Foreign direct investment (FDI) will be a key factor behind California’s recovery from the Covid-19 economic crisis because of its strong correlation with job growth in the state.
FDI and foreign-owned businesses are major contributors to California’s employment health, according to GO-Biz’s 2020 FDI in California report in conjunction with the Los Angeles World Trade Center.
The report found that 19,000 foreign-owned firms were operating in California in 2019, representing just over 1.2 per cent of all firms in the state. These firms employed approximately 731,000 residents, or 4.9 per cent of the state’s workers, who earned $65.6bn in wages last year. The top source countries for FDI into California in 2019 were Japan, the UK, France, Canada and Germany.
Opportunities in a crisis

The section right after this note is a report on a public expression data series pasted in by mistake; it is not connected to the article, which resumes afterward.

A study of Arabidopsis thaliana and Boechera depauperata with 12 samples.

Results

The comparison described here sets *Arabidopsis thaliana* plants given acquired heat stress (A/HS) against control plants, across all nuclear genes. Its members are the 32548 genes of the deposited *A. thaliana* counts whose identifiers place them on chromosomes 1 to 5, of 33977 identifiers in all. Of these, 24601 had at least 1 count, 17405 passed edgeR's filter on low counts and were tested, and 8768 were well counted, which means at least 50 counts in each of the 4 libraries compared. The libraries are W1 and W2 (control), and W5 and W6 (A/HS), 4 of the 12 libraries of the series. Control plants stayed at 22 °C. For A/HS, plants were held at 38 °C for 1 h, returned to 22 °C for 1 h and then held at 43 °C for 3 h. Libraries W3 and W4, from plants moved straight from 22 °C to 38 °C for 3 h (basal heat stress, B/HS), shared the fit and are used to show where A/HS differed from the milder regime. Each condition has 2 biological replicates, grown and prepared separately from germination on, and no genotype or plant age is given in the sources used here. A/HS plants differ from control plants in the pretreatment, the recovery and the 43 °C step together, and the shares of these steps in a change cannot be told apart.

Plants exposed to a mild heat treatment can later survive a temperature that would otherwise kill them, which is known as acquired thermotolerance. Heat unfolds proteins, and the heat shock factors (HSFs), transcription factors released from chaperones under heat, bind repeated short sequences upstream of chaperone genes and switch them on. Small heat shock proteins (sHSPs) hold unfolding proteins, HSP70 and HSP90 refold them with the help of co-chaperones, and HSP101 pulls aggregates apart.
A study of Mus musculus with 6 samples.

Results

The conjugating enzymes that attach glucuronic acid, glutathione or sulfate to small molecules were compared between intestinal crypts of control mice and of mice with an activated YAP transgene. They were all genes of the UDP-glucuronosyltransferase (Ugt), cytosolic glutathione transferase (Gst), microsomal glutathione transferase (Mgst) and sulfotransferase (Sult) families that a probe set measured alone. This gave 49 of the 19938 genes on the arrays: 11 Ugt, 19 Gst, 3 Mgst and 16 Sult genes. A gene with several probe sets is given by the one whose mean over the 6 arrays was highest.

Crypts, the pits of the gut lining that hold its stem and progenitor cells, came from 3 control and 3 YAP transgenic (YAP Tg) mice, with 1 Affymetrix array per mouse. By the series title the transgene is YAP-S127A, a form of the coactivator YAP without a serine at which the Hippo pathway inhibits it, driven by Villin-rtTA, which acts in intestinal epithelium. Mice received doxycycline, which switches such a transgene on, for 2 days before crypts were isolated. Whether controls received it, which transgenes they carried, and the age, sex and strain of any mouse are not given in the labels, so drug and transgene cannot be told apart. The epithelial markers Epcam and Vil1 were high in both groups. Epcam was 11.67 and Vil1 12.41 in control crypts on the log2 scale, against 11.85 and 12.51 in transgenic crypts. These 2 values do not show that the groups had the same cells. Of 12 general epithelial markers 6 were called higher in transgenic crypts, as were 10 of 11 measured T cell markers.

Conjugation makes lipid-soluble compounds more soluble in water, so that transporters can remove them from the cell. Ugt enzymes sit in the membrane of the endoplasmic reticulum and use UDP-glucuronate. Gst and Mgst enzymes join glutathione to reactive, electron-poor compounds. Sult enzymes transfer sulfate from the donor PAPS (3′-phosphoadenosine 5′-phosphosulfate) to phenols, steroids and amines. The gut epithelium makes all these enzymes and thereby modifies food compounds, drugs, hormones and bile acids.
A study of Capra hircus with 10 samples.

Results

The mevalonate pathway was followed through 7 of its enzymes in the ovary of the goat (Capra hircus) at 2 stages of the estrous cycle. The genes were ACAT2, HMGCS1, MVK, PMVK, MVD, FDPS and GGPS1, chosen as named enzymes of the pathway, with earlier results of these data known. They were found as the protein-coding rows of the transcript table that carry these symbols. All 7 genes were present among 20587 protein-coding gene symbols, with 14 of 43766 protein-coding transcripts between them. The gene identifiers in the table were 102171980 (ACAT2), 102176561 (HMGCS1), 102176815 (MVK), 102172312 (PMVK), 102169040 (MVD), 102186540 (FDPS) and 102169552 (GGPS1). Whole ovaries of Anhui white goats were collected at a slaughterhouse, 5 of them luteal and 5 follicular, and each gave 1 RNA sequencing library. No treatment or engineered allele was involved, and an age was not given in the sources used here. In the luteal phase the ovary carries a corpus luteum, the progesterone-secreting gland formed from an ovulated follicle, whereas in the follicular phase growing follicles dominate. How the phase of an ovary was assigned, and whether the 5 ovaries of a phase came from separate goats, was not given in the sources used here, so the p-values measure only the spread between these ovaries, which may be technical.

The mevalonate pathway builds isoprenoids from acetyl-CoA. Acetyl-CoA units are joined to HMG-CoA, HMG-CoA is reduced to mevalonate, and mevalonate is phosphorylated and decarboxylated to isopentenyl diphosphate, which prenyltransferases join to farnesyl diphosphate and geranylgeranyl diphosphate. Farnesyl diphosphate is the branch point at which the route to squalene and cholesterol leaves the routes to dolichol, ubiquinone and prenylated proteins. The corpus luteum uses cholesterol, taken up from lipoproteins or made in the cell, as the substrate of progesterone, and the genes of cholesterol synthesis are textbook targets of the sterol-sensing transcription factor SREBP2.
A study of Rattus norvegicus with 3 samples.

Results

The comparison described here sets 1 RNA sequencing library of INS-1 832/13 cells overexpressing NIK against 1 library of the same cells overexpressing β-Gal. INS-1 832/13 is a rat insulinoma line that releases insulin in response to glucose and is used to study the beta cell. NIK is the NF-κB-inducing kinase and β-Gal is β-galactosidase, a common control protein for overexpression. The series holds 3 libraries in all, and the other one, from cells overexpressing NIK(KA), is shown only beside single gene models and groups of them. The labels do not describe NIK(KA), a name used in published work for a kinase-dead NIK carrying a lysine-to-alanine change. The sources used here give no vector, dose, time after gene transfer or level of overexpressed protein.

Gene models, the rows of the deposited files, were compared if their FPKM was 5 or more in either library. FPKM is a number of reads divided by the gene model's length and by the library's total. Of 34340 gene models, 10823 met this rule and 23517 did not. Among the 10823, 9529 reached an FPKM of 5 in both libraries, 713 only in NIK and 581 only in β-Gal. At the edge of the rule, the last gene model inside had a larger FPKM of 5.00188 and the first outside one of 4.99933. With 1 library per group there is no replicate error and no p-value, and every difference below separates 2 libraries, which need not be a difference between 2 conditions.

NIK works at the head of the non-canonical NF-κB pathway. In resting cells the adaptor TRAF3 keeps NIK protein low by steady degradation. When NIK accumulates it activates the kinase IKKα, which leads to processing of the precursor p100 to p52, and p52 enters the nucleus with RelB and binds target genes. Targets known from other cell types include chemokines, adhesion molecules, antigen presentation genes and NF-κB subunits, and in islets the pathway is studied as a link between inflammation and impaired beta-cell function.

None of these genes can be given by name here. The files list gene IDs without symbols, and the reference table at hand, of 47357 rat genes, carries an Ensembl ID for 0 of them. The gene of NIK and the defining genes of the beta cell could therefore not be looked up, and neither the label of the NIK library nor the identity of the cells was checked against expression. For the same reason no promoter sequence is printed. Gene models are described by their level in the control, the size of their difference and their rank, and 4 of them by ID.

FDI in manufacturing represented the highest job creation of all the 84,451 jobs in California in 2019, at 13.5 per cent. But in a year of flux, Los Angeles World Trade Center’s director of international trade Michael Smith says that despite slowing foreign investment flows, opportunities related to the pandemic are developing as international companies consider adding operations within the state in order to supply the US, and California specifically, with health-related technology and products.
“Attracting and supporting FDI from the [health-related technology and products] industry can create resilient economic structures that assist with the recovery phase and better prepare the state for future crises,” says Smith.
California’s recovery from the Covid-19 economic crisis is expected to mirror the US recovery, according to UCLA Anderson Business School, which forecasts a depression-like crisis in which the state’s economy will not return to its pre-recession 2019 fourth-quarter peak until 2023.
But signs of recovery include data released by the California Employment Development Department, which shows that the state’s unemployment rate stood at 14.9 per cent in June 2020, which represents a gain of more than one quarter (26.4 per cent) of the 2,625,500 non-farming jobs lost during March and April as a direct result of the Covid-19 pandemic.